Terracom's Ex.Change Project

Visitors to Terracom's Cycle P15 art installation use a mobile device to view augmented reality artwork. Photo: Dan Wendt

Augmented reality art engaged new audiences in Terracom's Cycle P15.

Now, more than ever, there’s a need for new ways to engage people in critical environmental issues. Terracom’s Ex.Change Project does that by bringing art and science together in explorations and collaborations that build awareness and inspire action. At the same time, this melding creates unique marketing opportunities for forward-thinking, environmentally minded businesses.

For example:

See the Forest (For the Trees)

Working on behalf of Bartlett Tree Experts, Terracom conceptualized an art installation that Bartlett commissioned to be a springboard for tree-care education and to advance the Bartlett brand. Terracom identified and reached out to the Naperville Park District as a project partner, which is hosting the installation on the grounds of its LEED platinum Knoch Knolls Nature Center and is offering Bartlett-led programming as part of its Nature Art Week.

Terracom also recruited artist Jenny Kendler, whose work has been exhibited internationally, to envision and create the installation. Bartlett is the lead sponsor of the project. And both Bartlett and Terracom have assisted in developing the piece.

Publicity about the project, such as this interview on Chicago Public Radio and this Daily Herald video, is a launch point for learning and building brand awareness for Bartlett.


Cycle P15

Part of Chicago Artists Month 2015, Cycle P15 was an art installation and game that Terracom conceptualized to build awareness of the importance of phosphorus and innovations in recycling it from Chicago-area wastewater.

As project lead, Terracom recruited three artists to further develop and execute the concept. It also brought together teens from the IntuiTeens program of the nonprofit Intuit: The Center for Outside and Outsider Art with an engineer from the Metropolitan Water Reclamation District of Greater Chicago. The engineer shared the science of phosphorus and phosphorus recovery with the teens, who used the information as inspiration for contributions they made to the project. The game aspect, and special augmented reality artwork, helped draw new audiences into the story of resource recovery.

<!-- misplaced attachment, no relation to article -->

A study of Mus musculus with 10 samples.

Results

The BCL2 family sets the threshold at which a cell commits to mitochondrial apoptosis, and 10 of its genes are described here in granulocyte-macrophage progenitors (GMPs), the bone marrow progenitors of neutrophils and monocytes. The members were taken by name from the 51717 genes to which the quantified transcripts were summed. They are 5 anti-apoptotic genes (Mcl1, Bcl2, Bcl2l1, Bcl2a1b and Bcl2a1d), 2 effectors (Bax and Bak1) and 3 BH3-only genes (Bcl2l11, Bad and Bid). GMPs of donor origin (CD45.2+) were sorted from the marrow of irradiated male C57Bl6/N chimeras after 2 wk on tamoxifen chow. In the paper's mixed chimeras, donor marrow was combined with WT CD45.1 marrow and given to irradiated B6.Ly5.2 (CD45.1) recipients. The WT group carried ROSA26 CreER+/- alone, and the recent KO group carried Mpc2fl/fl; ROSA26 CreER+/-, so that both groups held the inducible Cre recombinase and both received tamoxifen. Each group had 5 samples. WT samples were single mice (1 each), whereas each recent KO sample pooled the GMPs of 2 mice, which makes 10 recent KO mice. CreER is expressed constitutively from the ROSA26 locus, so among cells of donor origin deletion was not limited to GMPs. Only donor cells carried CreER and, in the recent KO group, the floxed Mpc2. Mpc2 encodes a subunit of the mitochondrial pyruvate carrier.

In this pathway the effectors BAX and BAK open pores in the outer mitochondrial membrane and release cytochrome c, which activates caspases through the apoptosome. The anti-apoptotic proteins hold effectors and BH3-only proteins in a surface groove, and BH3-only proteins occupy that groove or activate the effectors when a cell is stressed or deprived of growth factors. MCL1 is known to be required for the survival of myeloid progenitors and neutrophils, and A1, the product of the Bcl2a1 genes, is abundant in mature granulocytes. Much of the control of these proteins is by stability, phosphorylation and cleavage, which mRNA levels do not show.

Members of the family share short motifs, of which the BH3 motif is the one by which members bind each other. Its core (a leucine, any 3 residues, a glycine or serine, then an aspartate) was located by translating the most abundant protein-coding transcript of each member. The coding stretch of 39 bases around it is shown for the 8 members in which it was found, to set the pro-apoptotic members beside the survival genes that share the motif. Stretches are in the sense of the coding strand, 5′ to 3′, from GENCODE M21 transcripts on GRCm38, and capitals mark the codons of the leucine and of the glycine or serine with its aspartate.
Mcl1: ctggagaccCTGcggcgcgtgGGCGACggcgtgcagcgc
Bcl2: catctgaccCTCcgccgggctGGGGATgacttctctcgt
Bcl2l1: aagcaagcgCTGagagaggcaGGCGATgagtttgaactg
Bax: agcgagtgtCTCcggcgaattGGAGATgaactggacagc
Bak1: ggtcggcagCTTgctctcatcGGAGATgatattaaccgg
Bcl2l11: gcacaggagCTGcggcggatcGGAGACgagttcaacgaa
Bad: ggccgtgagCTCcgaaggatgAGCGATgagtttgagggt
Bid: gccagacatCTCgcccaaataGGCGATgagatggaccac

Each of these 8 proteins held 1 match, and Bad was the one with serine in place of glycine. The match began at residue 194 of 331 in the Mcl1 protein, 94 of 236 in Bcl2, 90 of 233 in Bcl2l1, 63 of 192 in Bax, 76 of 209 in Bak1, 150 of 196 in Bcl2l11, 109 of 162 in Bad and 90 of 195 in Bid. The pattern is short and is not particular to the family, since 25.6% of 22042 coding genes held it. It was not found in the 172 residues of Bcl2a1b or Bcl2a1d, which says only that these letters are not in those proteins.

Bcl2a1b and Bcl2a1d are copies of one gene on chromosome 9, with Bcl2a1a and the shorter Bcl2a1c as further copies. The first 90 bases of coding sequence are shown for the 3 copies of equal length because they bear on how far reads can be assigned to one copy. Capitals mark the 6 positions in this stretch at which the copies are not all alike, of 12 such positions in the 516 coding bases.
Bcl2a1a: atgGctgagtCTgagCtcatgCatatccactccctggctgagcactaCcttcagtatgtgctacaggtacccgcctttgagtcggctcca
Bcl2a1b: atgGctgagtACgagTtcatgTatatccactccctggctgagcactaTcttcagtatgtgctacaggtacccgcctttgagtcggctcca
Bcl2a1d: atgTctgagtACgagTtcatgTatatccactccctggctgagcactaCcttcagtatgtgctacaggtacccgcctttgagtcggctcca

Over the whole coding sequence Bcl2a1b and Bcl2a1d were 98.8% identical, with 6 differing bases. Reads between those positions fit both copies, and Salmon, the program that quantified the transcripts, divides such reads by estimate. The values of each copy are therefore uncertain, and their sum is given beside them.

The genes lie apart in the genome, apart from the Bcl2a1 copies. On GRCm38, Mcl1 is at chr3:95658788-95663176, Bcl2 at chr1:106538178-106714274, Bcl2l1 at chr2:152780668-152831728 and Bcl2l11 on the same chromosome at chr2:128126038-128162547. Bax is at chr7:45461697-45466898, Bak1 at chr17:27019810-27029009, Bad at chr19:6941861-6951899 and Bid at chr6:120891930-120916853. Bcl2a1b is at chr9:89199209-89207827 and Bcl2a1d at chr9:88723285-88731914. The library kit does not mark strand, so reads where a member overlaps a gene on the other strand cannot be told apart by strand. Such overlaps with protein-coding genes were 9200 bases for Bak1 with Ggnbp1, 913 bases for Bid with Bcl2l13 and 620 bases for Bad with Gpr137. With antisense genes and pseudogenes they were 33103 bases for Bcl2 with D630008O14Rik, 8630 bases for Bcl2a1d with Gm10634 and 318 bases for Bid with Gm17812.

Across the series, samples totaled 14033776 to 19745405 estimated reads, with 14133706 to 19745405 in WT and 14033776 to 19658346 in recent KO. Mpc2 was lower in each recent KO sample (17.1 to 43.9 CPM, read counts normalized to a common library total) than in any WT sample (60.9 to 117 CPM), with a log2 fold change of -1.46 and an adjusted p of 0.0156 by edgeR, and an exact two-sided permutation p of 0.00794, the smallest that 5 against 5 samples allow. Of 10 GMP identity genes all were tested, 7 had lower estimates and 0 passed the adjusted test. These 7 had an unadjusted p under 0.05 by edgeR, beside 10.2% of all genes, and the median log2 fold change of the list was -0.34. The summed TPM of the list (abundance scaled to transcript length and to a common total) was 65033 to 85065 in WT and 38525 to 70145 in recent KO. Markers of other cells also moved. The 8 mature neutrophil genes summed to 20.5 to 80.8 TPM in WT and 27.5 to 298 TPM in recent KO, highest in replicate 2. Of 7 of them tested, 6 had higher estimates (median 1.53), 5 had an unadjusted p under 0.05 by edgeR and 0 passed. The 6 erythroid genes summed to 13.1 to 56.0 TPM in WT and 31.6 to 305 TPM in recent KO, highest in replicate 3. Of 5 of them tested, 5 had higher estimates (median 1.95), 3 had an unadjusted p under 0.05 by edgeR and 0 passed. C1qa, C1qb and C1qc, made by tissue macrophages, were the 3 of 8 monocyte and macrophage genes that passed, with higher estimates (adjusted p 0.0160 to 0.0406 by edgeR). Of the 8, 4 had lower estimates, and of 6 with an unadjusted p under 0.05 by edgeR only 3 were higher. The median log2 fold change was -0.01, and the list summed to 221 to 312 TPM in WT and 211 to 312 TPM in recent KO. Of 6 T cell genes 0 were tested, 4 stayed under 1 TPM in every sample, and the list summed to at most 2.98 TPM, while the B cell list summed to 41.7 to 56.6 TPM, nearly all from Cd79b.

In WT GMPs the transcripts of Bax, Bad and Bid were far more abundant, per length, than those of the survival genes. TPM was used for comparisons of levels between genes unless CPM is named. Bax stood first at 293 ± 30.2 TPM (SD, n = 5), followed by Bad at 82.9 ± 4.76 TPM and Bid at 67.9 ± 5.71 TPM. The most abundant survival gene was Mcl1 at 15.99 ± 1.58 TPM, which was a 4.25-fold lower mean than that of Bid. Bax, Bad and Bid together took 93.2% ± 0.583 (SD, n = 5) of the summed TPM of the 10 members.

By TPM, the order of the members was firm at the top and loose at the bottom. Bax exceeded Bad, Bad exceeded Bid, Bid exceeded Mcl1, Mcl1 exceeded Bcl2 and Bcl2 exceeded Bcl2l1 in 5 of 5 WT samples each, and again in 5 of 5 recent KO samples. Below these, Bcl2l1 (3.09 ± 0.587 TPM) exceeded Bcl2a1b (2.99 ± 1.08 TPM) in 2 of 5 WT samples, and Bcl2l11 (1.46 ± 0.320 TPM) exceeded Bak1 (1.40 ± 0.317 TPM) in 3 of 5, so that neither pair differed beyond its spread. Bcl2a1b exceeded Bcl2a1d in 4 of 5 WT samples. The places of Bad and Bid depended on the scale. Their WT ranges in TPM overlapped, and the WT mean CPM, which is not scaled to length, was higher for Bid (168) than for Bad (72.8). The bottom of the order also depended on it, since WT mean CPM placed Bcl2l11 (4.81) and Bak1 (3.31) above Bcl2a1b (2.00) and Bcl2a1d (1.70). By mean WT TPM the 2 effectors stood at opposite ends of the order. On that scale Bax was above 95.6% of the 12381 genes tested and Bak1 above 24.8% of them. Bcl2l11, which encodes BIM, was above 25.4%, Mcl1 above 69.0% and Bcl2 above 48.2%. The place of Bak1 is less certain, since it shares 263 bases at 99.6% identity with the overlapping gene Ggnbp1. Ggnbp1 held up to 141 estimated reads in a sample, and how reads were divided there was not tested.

Organizers of Chicago Artists Month invited Terracom to display Cycle P15 as part of the Chicago Architecture Biennial.

Learn more about Cycle P15.



Ex.Change is a Terracom initiative that will bring together select groups of artists and scientists in sustained collaborations whose outcomes will include a series of science-inspired art exhibits exploring the impacts of climate change in the Chicago region, and inspiring and empowering citizen action. Each exhibit in the series will focus on a different aspect of local manifestations of climate change.

While the exhibits will communicate about climate change, they will not lead with it – in an effort to appeal to and engage as many people as possible.

Nationally recognized atmospheric scientist and climate communicator Katharine Hayhoe, who is on the United Nations’ Intergovernmental Panel on Climate Change, is an advisor to the project. Liam Heneghan, chair of the Environmental Science & Studies Department at DePaul University, will be the science curator. Several Chicago institutions have expressed interest in participating.


Teracom Connects

Through the Ex.Change project, Terracom connects innovators and helps them collaborate on developing new ways to engage people in pressing environmental issues. Terracom is a


Recognizing and seizing opportunities to bring ideas to new audiences, and developing vehicles for stimulating curiosity and interaction.


Identifying and assembling individuals and organizations to cultivate new alliances that build awareness and spur action.


Identifying avenues for reaching stakeholders – from micro to macro strategies.


Managing projects from concept development through execution.


Learn more about Terracom’s Christine Esposito, the driver behind the Ex.Change project.